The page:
Gluten Free Food List

These items can be consumed liberally if you are eating Gluten Free.  (go organic and local with your whole-food choices wherever possible, flash frozen is fine also).

  • Healthy fat:  extra virgin oil, sesame oil, coconut oil, grass-fed tallow and organic or pasture-fed butter, ghee, almond milk, avocados, coconuts, olives, nuts and nut butters, cheese (except for blue cheeses), and seeds (flaxseed, sunflower seeds, pumpkin seeds, sesame seeds, chia seeds)
  • Protein:  whole eggs, wild fish (salmon, black cod, mahi mahi, grouper, herring, trout, sardines); shellfish and molluscs (shrimp, crab, lobster, mussels, clams, oysters); grass-fed meat, fowl, poultry and pork (beef, lamb, liver, bison, chicken, turkey, duck, ostrich, veal); wild game.
  • Vegetables:  leafy greens and lettuces, collards, spinach, broccoli, kale, chard, cabbage, onions, mushrooms, cauliflower, Brussels sprouts, sauerkraut, artichoke, alfalfa sprouts, green beans, celery, bok choy, radishes, watercress, turnip, asparagus, garlic, leek, fennel, shallots, scallions, ginger, jicama, parsley, water chestnuts.
  • Low-sugar Fruit:  avocado, bell peppers, cucumber, tomato, zucchini, squash, pumpkin, eggplant, lemons, limes.
  • Herbs, Seasonings, and Condiments:  There are no restrictions on herbs ad restrictions on herbs and seasonings; be mindful of packaged products that were made a plans that process wheat and soy.

The following can be used in moderation (“moderation” means eating small amounts of these ingredients once a day or ideally, just a couple of times weekly):

  • Non-gluten grains:  amaranth, buckwheat, rice (brown, white, wild), millet, quinoa, sorghum, teff.  (A note abut oats:  oats do not naturally contain gluten, they are frequently contaminated with gluten because they are processed at mills that also handle wheat; avoid them unless they come with a guarantee that they are gluten-free.)  When non-gluten grains are processed for human consumption (e.g., milling whole oats and preparing rice for packaging), their physical structure changes, and this increases the risk of an inflammatory reaction.  For this reason, we limit these foods.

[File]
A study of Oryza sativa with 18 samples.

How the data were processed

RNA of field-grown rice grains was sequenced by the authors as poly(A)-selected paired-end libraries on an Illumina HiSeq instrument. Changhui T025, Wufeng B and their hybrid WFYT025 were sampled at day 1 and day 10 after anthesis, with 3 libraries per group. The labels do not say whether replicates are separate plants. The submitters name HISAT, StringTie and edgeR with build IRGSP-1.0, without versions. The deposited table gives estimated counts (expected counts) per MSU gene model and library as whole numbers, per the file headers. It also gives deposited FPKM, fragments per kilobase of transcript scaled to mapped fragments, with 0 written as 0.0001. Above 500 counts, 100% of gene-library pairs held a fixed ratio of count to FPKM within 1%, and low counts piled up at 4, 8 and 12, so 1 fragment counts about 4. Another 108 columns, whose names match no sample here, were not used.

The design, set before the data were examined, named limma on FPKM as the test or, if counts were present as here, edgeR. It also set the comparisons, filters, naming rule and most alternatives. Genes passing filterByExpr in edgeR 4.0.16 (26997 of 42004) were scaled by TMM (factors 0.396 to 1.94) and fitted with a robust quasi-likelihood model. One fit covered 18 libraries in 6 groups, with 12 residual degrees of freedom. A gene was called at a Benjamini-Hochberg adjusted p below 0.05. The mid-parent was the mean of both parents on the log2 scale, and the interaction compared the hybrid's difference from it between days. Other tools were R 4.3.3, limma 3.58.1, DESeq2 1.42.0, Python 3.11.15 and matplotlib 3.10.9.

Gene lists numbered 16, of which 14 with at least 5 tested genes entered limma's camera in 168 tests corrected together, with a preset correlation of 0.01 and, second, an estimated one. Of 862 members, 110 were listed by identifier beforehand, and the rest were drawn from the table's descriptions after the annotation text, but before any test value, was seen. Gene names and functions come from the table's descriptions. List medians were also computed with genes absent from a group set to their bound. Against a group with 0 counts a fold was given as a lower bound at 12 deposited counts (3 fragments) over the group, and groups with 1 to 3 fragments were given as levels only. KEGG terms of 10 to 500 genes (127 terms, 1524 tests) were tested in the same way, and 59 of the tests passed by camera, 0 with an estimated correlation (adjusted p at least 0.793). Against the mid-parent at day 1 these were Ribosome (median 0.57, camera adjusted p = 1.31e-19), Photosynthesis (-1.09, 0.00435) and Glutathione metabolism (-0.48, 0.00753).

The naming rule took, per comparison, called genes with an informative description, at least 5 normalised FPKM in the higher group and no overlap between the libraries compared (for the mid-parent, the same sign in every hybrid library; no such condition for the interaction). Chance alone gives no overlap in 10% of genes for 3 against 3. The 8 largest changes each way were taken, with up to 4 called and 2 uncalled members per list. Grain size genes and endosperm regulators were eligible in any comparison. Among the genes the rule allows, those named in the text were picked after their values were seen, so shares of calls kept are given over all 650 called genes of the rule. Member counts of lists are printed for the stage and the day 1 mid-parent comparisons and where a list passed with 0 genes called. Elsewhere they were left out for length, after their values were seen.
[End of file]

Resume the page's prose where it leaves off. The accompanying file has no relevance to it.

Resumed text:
• Legumes (beans, lentils, peas).  Exception:  you can have hummus (made from chickpeas).
  • Carrots and parsnips.
  • Whole sweet fruit:  berries are best; be extra cautious of sugary fruits such as apricots, mangos, melons, papaya, prunes and pineapple.
  • Cow’s milk and cream:  use sparingly in recipes, coffee, and tea.
  • Cottage cheese, yogurt, and kefir:  use sparingly in recipes or as a topping.
  • Sweetners:  natural stevia and chocolate (choose dark chocolate that’s at least 70 percent or more cocoa).
  • Wine:  one glass a day if you choose, preferably red.

Here’s a Sample Shopping List:

  • Shredded Coconut
  • Kale
  • Almonds
  • Walnuts
  • Olive Oil
  • Coconut Oil
  • Grass Fed Beef
  • Free Range Eggs
  • Avocado
  • Free Range Turkey
  • Free Range Chicken
  • Mixed Greens
  • Spinach
  • Wild Salmon
  • Berries (in moderation)
  • Onions
  • Garlic
  • Bell Pepper
  • Black Pepper
  • Goat’s Cheese

Here’s a beginning of helpful foods to get you started.  For help and other resources, contact us!